First, I appreciate that good journalism is hard. I was on the staff of my high school newspaper and was an editor my senior year, and that was tough; I'm sure it's way more difficult to run a paper in college. I give the Hatchet a lot of credit for the product they put out. And I'm sure Sherman is right about the story that started all this in the first place, that "[there] are certainly questions that could be asked but many people who have the answers are not permitted to answer questions. Essentially there is one person who can speak for the University so answers often take hours, days and more time than we have to turn a story around."
Except, wait: the University only has one spokesperson? The entire university? And we put up with that? It's a wonder the Hatchet staff can print any articles at all, if they're constantly waiting for one person to get back to them. I talked about the HellWell arrest at dinner with some friends last night, and got a completely different version of the circumstances than the one I read on Thursday. Were my friends telling the truth? I don't know, because all I have to go on is the story in the Hatchet. (Was no one on HellWell staff willing to talk to the Hatchet? Even off-the-record?) I recognize that some sources are worth more than others, but even an unofficial account of the scene from a staffer speaking anonymously is better than the printed version of the story. If the Hatchet didn't pursue any other interviews -- and from Sherman's post, it's not apparent that they did -- then they're missing a big piece of the story.
Additionally, if a reporter is waiting on answers from a source, I as a reader appreciate it if I know he or she tried to get other input than what appears on the page. A simple "Requests for information went unanswered" makes me feel like you're trying to get at the story, rather than just going with what you're told. The Hatchet story only quotes two sources -- the arrested student and a UPD officer. Again, there were obviously more people involved in this story -- HellWell staff at the very least. Presumably, other students were at HellWell during this time -- no one saw a girl being arrested?
These questions stuck in my mind. They stuck so much, in fact, that I interviewed a staffer at HellWell, who told me that the arrest was a hot topic of conversation at work. Important note: she was not speaking to me officially in her capacity as a HellWell staffer during our conversation. The original version of this post contained her name, which I've removed to avoid any confusion that might have occurred through her comments in this post. She talked to several coworkers about it, including the manager who was on duty at the time of the arrest. He didn't know about the Hatchet article until she told him.
The staffer also said that according to her manager, HellWell staff tried to get Jennifer Sales (the arrested student) to leave without involving the authorities. "We're told you can call UPD if you need to ... [but] who's really gonna cause trouble at the gym?" she said. "They [HellWell staff] repeatedly told her that she couldn't come in." Once inside, Sales apparently ignored the UPD officer staff eventually called. "It was her making an issue. She was adamant about going to work out," said the staffer.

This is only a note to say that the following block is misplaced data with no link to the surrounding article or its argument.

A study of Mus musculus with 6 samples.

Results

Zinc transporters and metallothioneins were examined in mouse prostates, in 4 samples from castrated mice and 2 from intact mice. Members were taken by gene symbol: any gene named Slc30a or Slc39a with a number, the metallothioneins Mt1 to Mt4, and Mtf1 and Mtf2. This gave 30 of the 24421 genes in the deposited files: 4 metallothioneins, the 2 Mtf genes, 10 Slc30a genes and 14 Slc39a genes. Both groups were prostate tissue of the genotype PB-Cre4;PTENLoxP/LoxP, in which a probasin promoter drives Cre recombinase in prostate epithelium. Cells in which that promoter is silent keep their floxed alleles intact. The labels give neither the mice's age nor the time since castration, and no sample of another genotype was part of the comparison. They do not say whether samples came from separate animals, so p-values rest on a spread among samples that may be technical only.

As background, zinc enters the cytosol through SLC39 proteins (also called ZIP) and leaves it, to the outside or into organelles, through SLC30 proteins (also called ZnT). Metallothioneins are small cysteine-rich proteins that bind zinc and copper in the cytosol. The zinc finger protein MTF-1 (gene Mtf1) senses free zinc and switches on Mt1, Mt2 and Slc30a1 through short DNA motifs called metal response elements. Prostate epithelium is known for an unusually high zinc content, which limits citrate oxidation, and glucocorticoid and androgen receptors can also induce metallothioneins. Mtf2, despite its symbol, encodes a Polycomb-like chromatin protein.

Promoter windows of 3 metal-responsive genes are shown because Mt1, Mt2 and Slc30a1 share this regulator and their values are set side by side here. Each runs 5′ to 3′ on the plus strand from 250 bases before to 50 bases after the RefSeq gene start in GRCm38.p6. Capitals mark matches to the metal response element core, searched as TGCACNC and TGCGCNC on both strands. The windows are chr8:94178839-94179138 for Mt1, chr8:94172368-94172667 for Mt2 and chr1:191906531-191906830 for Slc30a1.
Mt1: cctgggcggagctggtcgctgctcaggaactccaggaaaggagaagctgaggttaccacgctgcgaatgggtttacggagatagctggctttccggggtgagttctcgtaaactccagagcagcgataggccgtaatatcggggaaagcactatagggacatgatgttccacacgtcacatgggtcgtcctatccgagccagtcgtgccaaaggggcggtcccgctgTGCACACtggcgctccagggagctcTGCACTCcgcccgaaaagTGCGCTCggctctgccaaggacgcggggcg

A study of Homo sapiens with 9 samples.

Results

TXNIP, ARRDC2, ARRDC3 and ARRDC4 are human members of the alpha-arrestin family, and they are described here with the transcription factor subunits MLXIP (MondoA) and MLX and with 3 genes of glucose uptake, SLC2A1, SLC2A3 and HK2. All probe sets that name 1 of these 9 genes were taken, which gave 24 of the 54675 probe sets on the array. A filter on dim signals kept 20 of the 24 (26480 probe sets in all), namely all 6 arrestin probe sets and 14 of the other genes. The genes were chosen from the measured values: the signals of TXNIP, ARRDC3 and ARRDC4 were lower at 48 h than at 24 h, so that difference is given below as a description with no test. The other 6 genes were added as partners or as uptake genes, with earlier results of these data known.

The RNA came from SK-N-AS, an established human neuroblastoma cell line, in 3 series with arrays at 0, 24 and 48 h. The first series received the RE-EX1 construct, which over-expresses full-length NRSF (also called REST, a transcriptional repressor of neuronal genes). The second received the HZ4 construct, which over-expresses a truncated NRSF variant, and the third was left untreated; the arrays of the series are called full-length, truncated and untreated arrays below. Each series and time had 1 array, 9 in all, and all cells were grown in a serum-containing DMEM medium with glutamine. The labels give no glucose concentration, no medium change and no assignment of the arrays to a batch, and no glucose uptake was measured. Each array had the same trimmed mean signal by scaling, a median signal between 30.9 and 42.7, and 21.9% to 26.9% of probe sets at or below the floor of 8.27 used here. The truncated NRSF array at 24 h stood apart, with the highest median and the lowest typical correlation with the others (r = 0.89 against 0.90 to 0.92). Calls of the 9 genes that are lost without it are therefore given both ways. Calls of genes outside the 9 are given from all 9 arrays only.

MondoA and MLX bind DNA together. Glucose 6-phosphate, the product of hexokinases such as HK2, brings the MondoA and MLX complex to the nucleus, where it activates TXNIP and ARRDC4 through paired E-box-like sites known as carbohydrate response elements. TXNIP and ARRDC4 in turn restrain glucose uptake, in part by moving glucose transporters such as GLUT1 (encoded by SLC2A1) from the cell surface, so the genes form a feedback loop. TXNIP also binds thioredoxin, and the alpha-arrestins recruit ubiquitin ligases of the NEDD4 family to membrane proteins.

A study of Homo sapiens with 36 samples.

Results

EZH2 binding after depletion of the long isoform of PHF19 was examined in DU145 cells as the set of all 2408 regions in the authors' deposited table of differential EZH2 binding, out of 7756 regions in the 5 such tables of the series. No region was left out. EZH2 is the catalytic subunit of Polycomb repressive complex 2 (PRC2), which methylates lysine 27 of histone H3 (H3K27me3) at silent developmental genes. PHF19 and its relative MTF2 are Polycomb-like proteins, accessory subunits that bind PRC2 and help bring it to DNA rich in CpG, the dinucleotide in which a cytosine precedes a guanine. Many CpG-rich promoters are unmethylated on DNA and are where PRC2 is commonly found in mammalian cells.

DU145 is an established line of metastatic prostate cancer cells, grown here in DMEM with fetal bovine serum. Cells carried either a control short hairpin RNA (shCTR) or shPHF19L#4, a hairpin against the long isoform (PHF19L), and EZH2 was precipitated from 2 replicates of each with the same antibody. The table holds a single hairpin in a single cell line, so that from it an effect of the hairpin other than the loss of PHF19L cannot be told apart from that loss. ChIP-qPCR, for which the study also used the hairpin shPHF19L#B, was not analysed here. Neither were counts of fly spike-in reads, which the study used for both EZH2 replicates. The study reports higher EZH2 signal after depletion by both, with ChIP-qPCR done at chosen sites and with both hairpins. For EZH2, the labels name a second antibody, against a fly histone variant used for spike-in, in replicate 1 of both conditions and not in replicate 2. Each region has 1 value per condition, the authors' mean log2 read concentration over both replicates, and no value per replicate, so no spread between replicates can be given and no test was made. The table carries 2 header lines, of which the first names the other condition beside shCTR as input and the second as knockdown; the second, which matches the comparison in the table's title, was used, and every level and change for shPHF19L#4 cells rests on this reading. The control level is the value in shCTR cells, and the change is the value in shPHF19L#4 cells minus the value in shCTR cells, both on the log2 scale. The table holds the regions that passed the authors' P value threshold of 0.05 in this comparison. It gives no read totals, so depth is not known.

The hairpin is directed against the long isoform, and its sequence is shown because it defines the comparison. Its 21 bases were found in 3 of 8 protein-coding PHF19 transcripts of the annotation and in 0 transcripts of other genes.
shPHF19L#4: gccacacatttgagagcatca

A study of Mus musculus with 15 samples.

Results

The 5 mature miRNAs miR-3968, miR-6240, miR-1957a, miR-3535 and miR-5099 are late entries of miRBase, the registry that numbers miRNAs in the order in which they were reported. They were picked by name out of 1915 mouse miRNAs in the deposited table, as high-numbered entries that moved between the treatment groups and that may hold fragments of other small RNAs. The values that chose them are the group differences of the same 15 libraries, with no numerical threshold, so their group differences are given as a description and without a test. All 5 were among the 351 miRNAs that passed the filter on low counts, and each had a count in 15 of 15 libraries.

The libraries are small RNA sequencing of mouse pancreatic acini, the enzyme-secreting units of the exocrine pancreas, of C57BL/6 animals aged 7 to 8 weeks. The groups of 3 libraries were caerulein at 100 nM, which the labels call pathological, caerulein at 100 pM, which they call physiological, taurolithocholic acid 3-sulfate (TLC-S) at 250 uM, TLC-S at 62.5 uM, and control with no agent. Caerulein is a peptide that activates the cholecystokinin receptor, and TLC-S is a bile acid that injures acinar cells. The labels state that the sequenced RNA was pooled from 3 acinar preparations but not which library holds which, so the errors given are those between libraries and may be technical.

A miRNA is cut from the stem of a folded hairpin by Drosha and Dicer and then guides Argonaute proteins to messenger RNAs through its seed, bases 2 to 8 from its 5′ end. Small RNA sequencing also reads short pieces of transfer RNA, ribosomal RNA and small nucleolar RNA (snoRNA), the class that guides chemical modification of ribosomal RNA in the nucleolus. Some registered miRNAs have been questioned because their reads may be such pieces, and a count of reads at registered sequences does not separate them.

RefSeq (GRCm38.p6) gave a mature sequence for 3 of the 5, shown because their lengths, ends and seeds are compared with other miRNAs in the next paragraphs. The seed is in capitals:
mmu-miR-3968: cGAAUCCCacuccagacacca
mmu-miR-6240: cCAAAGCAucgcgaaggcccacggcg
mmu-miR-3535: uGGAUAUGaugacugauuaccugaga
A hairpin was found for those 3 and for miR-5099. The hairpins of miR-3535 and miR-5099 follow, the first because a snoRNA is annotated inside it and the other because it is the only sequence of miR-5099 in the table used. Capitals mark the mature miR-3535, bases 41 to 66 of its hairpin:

An escalating struggle? Ignoring a uniformed officer? Sounds pretty dramatic -- and newsworthy. But apparently the Hatchet still disagrees.
Finally, a quick point on ads. I brought up the point that last week's Hatchet was really front-loaded with ads. Here's Sherman's response:
On Friday and Tuesday, the business office gives me a sheet that has the amount of pages of advertisements. So if there were no stories in last issue, the ads would have fit on seven pages. Because we care so much about the news and keeping the paper financially viable, we typically strive for a 50/50 ad to news ratio. So we printed 14 pages. We didn’t cave to our advertisers. Ads must be laid out a certain way based on our contracts with advertisers.If I'm reading this right, some advertisers pay more money to get their ads put in the beginning of the paper. That's perfectly fair; more people read those pages, and so they should be more expensive. And it's fine that the Hatchet runs ads there; that makes economic sense, and is useful to both readers and advertisers.
However, I'll say it again: ads should not outweigh content. If you've sold ads for more than half of page 3, you're saying that the advertising value of that page is greater than the news value of that page. And if you do the same thing for other pages earlier in the paper, and save most of your news content for the back, you're saying it's more important that your readers see ads than it is that they see news. Again, I'm glad that so many advertisers buy space in the Hatchet. But the editors need to realize that by consistently prioritizing ads over news, they're not serving their audience. When I see a page that's mostly ads and little news, I'm likely to turn the page -- depriving the advertisers of the reason they're paying a premium for ad space early in the paper. Unless I'm scanning the classifieds, a page with more ads than news doesn't interest me. And the Hatchet already has a classifieds section.